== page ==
The Aotearoa New Zealand Association of Social Workers (ANZASW) is pleased that the government has announced that they
will provide greater protections to survivors of sexual violence as they seek justice through the courts.
“Social workers bear witness to the long-term physical and psychological damage often experienced by survivors of sexual
violence, some of whom are only just coming to terms with what they have been subjected to when asked to relive the
trauma of what they have experienced during the court process,” ANZASW Chief Executive Lucy Sandford-Reed said.
“Therefore, we support moves to better support complainants during the court process, including having the option to
testify or answer questions through an audio-visual link and / or pre-recorded video. We hope that this will encourage
more people to come forward and report sexual violence offences,” she added.
“The fear of going through cross-examination in court has historically been a big factor in women’s reluctance to go
forward with reporting sexual crimes. A lot of victims are likely to feel a lot more comfortable with doing this in
advance of the trial, giving them less anxiety on the day,” Dr Natalie Thorburn, a sexual violence social worker and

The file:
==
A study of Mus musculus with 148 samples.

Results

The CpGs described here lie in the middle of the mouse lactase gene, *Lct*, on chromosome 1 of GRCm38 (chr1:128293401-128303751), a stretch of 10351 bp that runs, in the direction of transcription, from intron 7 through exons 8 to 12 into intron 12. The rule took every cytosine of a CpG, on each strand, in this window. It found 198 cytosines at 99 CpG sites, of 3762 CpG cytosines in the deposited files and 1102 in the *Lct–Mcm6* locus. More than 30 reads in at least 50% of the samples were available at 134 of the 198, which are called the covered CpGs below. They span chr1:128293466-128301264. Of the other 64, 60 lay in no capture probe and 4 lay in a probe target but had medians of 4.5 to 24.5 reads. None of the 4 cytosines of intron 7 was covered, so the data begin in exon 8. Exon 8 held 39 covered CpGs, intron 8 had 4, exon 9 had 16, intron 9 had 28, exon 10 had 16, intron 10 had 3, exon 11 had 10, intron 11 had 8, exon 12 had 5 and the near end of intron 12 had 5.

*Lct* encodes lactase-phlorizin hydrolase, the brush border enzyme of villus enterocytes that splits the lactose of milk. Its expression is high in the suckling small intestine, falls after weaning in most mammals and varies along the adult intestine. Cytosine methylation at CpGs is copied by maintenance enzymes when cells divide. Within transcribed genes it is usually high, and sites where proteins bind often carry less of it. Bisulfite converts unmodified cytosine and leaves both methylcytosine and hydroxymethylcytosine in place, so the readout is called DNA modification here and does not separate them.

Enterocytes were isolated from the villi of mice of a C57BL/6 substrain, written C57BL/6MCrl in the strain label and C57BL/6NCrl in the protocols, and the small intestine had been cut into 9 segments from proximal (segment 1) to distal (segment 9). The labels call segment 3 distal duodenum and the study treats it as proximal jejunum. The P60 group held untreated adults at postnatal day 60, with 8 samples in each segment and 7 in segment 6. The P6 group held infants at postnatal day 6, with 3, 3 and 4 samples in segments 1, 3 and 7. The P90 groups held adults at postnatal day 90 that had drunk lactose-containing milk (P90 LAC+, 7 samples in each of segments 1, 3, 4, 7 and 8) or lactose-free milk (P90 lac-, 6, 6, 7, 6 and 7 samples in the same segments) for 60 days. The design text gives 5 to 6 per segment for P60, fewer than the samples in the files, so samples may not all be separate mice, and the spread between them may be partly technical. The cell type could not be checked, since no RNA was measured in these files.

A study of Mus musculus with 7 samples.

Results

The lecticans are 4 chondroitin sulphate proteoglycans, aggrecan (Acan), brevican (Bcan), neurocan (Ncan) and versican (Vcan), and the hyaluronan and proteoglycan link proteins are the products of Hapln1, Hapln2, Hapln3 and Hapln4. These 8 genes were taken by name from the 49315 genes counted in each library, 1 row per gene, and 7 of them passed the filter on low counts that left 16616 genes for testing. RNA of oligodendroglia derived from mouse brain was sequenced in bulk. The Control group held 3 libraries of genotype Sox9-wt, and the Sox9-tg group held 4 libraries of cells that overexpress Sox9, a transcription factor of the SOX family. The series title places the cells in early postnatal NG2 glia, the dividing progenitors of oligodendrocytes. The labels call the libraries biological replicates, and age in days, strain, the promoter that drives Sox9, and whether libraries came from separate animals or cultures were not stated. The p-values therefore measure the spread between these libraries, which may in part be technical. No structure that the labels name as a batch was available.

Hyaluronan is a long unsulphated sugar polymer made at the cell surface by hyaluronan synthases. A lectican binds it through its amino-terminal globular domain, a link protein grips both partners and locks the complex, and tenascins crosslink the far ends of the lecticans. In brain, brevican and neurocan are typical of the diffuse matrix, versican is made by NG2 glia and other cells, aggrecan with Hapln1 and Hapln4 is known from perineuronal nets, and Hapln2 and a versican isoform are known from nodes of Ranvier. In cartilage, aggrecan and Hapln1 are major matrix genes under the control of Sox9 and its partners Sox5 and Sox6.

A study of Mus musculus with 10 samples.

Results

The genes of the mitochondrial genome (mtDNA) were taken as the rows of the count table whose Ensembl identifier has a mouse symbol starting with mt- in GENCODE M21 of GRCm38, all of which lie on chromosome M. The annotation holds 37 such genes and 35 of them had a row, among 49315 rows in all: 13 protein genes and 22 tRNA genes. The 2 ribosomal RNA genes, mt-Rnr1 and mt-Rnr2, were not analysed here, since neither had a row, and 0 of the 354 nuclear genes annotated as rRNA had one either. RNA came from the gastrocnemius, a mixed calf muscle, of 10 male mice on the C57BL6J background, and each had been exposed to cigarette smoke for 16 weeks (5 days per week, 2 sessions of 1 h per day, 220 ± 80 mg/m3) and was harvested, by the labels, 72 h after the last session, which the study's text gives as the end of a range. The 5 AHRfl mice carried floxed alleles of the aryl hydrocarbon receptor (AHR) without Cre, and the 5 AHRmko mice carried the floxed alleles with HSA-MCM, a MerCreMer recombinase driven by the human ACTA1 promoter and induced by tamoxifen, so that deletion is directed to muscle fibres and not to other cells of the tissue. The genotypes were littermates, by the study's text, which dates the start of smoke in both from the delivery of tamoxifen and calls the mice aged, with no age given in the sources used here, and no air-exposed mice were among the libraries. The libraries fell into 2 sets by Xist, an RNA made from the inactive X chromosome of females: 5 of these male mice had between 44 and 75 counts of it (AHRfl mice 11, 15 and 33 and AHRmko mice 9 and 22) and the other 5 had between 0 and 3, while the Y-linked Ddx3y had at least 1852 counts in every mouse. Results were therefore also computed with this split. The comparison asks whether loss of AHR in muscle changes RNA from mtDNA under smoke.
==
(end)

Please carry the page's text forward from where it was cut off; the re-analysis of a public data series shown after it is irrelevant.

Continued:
ANZASW member reflected.
“Improvements to victim/ survivors’ experience of giving evidence in the justice system, particularly around upholding
their mana, dignity and showing compassion has got to be regarded as positive. I believe it acknowledges the difficulty
in coming forward and reluctance of victims to enter this system as they are all too aware that it is problematic,”
noted Kerri Cleaver, ANZASW member, registered social worker and lecturer at the University of Otago.
“As social workers we absolutely need systems in place that protect victims who come forward and it is a complex area as
highlighted in the two reports leading up to these changes. I also reference the difficulty in keeping victims safe in
the royal commission setting where their stories are not being challenged as an example of the complexity of rights and
responsibilities needed when working or supporting children, young people and adults affected by trauma.
“Māori women are disproportionately victims to sexual violence and the current changes need to ensure that the way in
which the new rules are applied are nuanced to include cultural advocacy. This has been found to be essential in other
abuse claims settings and should be considered in the criminal court system as equally important. For social workers the
changes mean a greater confidence in our clients being treated with dignity and respect as they navigate the difficult
terrain of giving evidence,” she added.
The Association looks forward to further action by government to protect survivors of sexual violence and to reduce the
level of abuse generally in this country.
We call on all New Zealanders to play their part in supporting victims, by reaching out to them or contacting police.